Pointing Fingers in Vietnam

Hot on the heels of an official’s the rejection of the U.S. designation of Vietnam as a country of particular concern (CPC) because of their human rights records (see the indignant rebuttal here) comes the unsurprising news that the Vietnamese government has once again given religious rights the old heave-ho in the name of preserving national unity. Representatives from Vietnam’s Buddhist Youth Movement (Gia Dinh Phat Tu Viet Nam) were barred from attending an international conference of their organization in Bodh Gaya. The Gia Dinh Phat Tu is a Buddhist lay organization similar in flavor to the Scouts in the U.S.

No surprise that less than a week after loudly denying that there were any religious rights issues in Vietnam, the Communist government was at it again, trying hide from the world the wide support for the non-sanctioned Unified Buddhist Church of Vietnam both inside and outside Vietnam. Rather than reconciling with a movement that has great support inside the country, the government has chosen to set a more divisive route- continuing to suppress public expressions of support for the UBCV, and continuing to unlawfully detain UBCV leaders despite recent promises from Vietnamese leadership to the contrary. Ironically, in their desperation to avoid schism the Vietnamese government may do just that- turning support for the UBCV into a wedge between the people and the government, rather than an opportunity to foster support for the government and to steady Vietnam’s image in the international community.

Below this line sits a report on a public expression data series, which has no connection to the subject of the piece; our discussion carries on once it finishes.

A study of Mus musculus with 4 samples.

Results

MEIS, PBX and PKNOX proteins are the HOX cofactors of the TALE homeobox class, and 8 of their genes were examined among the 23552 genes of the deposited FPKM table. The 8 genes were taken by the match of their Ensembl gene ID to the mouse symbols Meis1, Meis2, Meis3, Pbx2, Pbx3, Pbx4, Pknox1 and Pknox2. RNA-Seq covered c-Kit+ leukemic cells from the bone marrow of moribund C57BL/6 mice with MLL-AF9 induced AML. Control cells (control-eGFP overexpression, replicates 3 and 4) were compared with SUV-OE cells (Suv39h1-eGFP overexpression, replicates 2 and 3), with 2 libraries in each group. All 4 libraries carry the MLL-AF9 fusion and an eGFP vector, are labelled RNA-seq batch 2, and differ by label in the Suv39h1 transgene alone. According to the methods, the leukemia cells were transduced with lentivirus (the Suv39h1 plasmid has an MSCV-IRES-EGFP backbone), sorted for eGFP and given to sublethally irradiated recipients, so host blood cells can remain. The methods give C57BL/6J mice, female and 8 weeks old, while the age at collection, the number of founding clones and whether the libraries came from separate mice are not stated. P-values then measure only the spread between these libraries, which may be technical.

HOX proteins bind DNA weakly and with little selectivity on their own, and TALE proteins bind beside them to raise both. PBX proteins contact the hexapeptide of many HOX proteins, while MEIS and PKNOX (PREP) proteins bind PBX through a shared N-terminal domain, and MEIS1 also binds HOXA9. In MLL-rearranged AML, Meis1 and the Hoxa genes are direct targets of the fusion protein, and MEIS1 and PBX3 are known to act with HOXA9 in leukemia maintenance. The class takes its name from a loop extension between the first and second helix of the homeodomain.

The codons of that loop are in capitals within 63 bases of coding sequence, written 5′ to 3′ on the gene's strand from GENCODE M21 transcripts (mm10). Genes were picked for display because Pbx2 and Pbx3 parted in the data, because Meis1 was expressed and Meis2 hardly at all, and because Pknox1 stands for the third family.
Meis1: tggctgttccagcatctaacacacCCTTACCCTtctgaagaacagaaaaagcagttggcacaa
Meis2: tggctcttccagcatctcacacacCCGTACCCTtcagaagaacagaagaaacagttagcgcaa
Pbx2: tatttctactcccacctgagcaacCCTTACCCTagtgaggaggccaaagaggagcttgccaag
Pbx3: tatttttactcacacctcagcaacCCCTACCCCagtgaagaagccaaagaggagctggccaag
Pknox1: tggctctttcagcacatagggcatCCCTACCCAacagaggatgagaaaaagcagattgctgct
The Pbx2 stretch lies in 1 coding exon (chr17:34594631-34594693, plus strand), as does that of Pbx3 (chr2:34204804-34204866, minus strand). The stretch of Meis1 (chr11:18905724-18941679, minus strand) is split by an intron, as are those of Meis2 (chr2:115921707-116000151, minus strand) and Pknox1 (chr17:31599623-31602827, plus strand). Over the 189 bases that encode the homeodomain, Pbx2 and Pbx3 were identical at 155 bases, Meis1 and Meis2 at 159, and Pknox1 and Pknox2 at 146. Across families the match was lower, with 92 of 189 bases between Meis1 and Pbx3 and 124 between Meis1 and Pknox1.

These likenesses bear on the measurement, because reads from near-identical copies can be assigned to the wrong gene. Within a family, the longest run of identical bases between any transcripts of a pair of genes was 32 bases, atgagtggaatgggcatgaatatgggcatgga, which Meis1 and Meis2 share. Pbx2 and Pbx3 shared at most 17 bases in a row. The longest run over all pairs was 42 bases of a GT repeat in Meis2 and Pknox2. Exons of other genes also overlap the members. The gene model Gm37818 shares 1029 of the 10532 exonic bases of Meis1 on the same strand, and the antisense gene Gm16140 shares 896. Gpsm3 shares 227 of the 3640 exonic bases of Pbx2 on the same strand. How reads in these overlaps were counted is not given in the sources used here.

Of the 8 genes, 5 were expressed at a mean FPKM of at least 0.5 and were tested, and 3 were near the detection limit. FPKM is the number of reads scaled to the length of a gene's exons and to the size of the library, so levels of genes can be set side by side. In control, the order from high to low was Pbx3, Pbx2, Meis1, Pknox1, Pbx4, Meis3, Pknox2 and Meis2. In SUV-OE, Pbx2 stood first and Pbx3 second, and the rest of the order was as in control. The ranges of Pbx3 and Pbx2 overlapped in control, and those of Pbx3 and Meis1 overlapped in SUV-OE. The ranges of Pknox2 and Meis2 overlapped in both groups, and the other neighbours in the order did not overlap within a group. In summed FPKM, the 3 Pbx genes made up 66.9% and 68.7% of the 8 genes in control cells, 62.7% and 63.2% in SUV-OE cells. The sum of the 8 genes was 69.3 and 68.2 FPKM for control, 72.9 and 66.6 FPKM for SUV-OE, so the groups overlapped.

As we come up on the one-year anniversary of the passage of House Resolution 427, urging Vietnam to show greater respect for religious tolerance in general, and for the UBCV in particular, you can’t help but reflect on the moral credibility of the U.S. right now. Days after denying to have a human rights problem, Vietnam managed to punch another hole in its own credibility by denying Buddhist scout masters the right to join their international associates in proclaiming their support for the UBCV. A year after urging Vietnam to abide by international agreements on religious rights, the U.S. has just appointed an attorney general that thinks that

the Geneva Convention is optional
in certain circumstances. The American people deserve better, and so does Vietnam.